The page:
Beginning on Tuesday, February 18, the BC Human Rights Tribunal will begin hearing a complaint brought by an Indigenous mother, known as R.R., against the Vancouver Aboriginal Child and Family Services Society (“VACFSS”), an agency delegated to administer parts of the Child, Family and Community Service Act, the law concerning child welfare in BC.
In 2016, VACFSS removed R.R.’s four children from her care and has since denied her custody. She has only had restricted access to her children since they were removed. The complaint is about the agency’s decisions to deny her access to her children and to place restrictions on her access to them between April 2017 and December 2018.
R.R. is arguing that these decisions were made on the basis of discriminatory assumptions about her parenting abilities as an Indigenous mother living with a mental health disability.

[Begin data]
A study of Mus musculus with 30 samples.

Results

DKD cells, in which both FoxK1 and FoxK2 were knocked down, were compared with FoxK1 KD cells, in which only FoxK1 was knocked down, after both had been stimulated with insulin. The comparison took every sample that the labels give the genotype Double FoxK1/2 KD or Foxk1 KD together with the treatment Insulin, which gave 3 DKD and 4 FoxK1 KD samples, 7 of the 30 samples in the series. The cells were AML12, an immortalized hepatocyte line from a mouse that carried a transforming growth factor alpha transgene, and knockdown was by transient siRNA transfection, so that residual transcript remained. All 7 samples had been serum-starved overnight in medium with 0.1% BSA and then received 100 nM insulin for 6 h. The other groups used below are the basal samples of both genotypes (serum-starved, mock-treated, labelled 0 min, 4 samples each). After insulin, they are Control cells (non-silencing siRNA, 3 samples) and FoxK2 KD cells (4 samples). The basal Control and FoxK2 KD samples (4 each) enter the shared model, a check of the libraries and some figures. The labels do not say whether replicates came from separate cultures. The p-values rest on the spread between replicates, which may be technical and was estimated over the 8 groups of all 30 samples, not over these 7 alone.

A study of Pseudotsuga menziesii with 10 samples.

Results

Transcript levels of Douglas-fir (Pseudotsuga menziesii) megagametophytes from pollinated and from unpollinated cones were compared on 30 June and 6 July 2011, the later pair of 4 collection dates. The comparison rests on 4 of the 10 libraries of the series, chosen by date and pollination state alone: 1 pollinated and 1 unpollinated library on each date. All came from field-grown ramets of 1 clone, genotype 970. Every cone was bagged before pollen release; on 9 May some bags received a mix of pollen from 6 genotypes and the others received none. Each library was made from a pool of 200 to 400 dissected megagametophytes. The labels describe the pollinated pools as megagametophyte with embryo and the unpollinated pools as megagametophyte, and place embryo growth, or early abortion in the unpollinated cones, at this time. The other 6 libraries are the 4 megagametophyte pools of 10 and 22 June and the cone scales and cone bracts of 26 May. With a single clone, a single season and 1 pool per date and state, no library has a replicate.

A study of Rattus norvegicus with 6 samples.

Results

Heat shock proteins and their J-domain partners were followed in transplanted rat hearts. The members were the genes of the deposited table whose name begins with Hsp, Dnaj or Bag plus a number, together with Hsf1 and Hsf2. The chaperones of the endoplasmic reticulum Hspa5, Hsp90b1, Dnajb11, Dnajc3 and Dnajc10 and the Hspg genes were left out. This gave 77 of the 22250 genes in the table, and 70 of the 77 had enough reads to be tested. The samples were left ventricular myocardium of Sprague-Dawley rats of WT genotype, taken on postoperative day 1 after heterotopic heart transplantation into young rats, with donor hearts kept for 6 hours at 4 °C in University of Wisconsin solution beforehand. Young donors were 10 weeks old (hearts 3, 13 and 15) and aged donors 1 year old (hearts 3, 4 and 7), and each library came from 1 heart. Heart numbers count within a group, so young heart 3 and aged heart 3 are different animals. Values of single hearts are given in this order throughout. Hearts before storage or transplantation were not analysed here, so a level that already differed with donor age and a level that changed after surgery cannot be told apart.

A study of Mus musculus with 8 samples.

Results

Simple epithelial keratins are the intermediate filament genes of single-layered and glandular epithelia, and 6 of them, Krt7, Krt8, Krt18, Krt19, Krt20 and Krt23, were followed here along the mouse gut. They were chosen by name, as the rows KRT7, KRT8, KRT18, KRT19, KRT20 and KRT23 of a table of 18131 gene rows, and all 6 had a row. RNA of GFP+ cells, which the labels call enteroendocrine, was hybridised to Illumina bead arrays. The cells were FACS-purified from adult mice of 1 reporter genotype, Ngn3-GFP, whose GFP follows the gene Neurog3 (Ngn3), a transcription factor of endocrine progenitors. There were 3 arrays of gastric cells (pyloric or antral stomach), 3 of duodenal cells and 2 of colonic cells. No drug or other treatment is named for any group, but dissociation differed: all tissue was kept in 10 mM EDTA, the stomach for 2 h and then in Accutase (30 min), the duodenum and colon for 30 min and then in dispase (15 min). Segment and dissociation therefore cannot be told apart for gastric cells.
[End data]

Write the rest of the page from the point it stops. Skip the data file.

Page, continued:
Indigenous children are vastly overrepresented among children taken into care in BC and across Canada. The National Inquiry into Missing and Murdered Indigenous Women and Girls made several Calls for Justice specifically directed at reform to the child welfare system. West Coast LEAF’s recent law reform work has been aimed at helping to shift the child welfare system away from apprehension to providing supports for families.
West Coast LEAF is intervening in this human rights complaint to ensure that R.R.’s circumstances are understood in the broader context of systemic discrimination in the child welfare system against Indigenous families and, in particular, against Indigenous women with disabilities. This includes the broader colonial context in which interactions between Indigenous mothers and the child welfare system occur. Our intervention is grounded in the knowledge that was shared with us by the 64 caregivers, Elders, and front-line service providers who collaborated on our 2019 Pathways in a Forest report. The report was developed in collaboration with the families, Elders, and staff at Tillicum Lelum Aboriginal Friendship Centre, Lii Michif Otipemisiwak, and the Fraser Region Aboriginal Friendship Centre Association.
Our provincial child protection system should support families to stay together and thrive with the support of community-based services, supports, and resources.